What comes to mind when you think of the fair?
Do you see the Ferris wheel? The bright lights of the midway spiraling off in all directions like a fallen chandelier? Hear the roar of concert crowds and demolition derby cars?
What do you smell? What do you taste? Cotton candy? A sausage sandwich? A chocolate milkshake from the 4-H milkshake booth?
I think of all those good things when I think of the Medina County Fair, but not only those things. If you look, you also can see what’s behind them.
I see a church basement in wintertime. It’s a 4-H meeting, where an 11-year-old girl is poring over dozens of project ideas, trying to decide what she’ll enter in this year’s fair.
She settles on two: Rockin’ Rocks and Creative Writing. While a lot of her friends have put such things far out of their thoughts during the summer, she spends days in June and July writing poems in a spiral notebook. She hunts rocks in the garden and arranges them under labels that read: metamorphic, igneous and sedimentary.
On the appointed day, she appears before a judge — one of many adults who have given up an evening to interview 4-H’ers about their projects. The girl maintains her poise, answers questions about what she has learned, and walks away with her grades: An A for each. Her projects join those of hundreds of other 4-H’ers on display at this week’s fair.
Look back a ways and you can see the farm kid buying the calf he’ll raise, feed and groom. He’ll spend hours preparing the steer and himself for those anxious few minutes in the spotlight of the show ring at the fair, minutes that will go a long way in determining how much return he will get on his months of investment.
Of course, the real return is in the satisfaction that comes with seeing a project through, the feeling of partnership with his animal, and the experience he’s gained that will help him do even better next time.
A local business owner — who has plenty of other expenses calling for her money, especially in this economy — pays a generous price for the steer at the Junior Fair Livestock Sale.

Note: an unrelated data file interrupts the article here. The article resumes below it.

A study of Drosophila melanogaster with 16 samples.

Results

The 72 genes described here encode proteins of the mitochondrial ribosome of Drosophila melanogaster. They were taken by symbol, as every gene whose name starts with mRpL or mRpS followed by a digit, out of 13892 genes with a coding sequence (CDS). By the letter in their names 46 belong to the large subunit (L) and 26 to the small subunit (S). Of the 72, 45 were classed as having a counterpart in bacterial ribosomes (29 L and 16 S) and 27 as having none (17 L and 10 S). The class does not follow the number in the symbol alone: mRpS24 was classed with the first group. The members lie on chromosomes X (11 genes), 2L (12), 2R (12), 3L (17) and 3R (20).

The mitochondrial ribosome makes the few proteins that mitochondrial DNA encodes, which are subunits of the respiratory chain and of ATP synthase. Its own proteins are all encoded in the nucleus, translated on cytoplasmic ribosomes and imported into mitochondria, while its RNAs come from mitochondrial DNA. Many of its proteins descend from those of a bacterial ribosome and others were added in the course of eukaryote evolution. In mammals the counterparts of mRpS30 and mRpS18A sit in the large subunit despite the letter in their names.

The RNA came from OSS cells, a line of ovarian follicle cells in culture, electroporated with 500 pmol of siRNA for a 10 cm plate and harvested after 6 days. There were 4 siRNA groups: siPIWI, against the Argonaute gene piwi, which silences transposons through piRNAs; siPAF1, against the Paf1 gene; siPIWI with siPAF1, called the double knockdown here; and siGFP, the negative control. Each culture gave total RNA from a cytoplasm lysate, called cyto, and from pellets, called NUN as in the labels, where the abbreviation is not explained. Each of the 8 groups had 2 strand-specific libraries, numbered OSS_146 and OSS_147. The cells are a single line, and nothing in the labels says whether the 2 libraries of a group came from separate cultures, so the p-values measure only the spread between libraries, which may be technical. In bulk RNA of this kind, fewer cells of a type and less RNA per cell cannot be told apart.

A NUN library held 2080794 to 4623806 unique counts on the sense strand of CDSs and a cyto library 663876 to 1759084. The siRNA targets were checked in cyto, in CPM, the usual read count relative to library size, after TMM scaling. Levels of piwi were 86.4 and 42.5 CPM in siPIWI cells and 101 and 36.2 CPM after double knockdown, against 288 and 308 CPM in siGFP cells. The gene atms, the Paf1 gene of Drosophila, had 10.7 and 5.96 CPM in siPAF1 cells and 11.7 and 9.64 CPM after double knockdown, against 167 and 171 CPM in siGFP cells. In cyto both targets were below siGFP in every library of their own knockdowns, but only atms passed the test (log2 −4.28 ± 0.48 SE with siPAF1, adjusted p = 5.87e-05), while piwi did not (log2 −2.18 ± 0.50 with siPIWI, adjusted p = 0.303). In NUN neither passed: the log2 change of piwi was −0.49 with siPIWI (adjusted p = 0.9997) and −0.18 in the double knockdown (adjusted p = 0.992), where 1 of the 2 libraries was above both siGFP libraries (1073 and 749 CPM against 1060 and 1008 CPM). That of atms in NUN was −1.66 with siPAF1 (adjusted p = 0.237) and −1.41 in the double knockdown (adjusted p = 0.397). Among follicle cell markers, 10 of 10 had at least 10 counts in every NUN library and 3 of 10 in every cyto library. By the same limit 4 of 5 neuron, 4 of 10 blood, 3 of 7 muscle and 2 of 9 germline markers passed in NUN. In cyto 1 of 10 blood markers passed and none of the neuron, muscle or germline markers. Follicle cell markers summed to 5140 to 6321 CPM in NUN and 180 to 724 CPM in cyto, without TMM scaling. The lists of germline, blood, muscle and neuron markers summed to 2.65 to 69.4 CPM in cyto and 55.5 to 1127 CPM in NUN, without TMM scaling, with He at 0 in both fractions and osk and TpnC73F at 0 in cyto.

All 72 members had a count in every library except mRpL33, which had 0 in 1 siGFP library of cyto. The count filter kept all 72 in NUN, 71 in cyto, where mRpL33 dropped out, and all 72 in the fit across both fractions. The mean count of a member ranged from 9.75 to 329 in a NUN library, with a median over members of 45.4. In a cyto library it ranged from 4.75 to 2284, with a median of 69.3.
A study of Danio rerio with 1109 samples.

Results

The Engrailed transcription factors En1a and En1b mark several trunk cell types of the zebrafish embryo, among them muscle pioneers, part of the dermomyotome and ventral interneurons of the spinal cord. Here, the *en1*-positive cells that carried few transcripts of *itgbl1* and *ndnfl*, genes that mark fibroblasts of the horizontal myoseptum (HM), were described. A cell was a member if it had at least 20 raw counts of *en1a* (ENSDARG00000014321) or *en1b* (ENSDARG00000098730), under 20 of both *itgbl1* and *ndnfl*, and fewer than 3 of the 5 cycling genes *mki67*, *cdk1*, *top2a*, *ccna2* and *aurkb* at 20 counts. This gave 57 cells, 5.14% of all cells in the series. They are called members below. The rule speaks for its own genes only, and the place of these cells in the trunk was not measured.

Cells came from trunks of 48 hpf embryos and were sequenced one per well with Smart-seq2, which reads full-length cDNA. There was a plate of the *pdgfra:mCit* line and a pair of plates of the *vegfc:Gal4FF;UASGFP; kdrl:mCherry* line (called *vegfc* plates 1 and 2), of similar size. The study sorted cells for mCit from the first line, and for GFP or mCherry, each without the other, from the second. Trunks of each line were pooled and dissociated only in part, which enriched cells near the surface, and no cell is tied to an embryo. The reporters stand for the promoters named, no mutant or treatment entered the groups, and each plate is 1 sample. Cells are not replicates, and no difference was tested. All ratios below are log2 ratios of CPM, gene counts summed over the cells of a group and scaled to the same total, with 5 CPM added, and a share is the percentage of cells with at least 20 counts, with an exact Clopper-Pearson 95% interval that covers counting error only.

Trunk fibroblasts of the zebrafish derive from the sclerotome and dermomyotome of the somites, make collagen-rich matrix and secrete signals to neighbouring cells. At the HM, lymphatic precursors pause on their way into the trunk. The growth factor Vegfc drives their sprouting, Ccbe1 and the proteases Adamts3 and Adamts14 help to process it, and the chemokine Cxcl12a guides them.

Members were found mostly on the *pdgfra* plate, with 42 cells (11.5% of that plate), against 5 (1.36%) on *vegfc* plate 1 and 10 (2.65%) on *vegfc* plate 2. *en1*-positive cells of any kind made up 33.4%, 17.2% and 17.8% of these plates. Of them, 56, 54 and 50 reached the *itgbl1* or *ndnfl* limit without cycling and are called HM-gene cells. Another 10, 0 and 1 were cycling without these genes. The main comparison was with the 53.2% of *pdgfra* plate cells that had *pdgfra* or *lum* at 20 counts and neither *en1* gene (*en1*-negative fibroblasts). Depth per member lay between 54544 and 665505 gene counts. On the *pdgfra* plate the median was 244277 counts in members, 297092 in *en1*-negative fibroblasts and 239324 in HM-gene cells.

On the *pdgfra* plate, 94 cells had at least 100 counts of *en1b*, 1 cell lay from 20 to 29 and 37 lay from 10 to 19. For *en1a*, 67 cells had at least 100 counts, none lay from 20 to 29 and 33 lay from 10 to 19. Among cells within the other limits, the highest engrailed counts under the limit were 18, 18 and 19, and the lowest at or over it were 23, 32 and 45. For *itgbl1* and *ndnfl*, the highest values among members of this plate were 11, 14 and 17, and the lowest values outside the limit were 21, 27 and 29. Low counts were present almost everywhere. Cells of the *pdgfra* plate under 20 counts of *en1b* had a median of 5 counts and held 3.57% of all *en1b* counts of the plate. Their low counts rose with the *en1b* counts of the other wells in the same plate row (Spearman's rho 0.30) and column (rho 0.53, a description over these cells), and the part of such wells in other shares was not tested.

It’s sometimes a difficult moment to part with an animal you’ve spent as much time with as you have with your own family. But, the profits from the sale go into the bank. In a few years, the money will help buy textbooks and pay college tuition. Maybe he’ll attend agricultural school, go into farming, and become one of the people who help put food on our dinner tables and clothes on our backs.
I think of that little moment in the E.B. White classic, “Charlotte’s Web,” when Mr. and Mrs. Arable watch their children — Avery is 10 and Fern is 8 — head off to explore the sights and sounds of the county fair.
Standing there at the livestock barn with Wilbur the pig, whom they have brought to show at the fair, Mrs. Arable feels that pang of anxiety familiar to parents.
“Do you really think it’s all right?” she asks her husband, as the kids disappear from sight.
“Well,” Mr. Arable replies, “they’ve got to grow up sometime. And a fair is a good place to start, I guess.”
You see that at the Medina County Fair: Kids taking responsibility. Kids growing up. Mr. Arable was right: It is a good place to start.
Look around and you also see bakers, canners, cooks, photographers, farmers, tractor-restorers, gardeners, artists, needleworkers and many others, who have brought their creations for judging and display. Like the kids, they have been working and planning for months for this week.
You see the fair board members, staff and volunteers who make the fair happen for the rest of us. They have held up heroically through difficult and tragic circumstances along the way. During the other 51 weeks of the year, after working their day jobs, they come to the fairgrounds to attend meetings, clean buildings, plant flowers, paint what needs painting and repair what needs fixing. And for vacation, they take this week off from their jobs and work 18-hour days at the fair.
Last week, figures released from the 2010 Census showed America’s rural population continues to decline. It stands at 16 percent of the U.S. population, the lowest ever. Big cities also continue to shrink. So where are Americans moving? To the suburbs. The percentage of Americans living there has reached an all-time high: 51 percent. The space between urban and rural communities continues to fray. We know something about this living in Medina County.
The fair is an annual celebration of that ever-precious rural heritage — and of the steady, talented people who live that heritage when no one else is looking. For this one week, they live it big, where we can watch and admire them.
At the Medina County Fair.
See you there.
Contact John Gladden at firstname.lastname@example.org or on Twitter @thatjohngladden.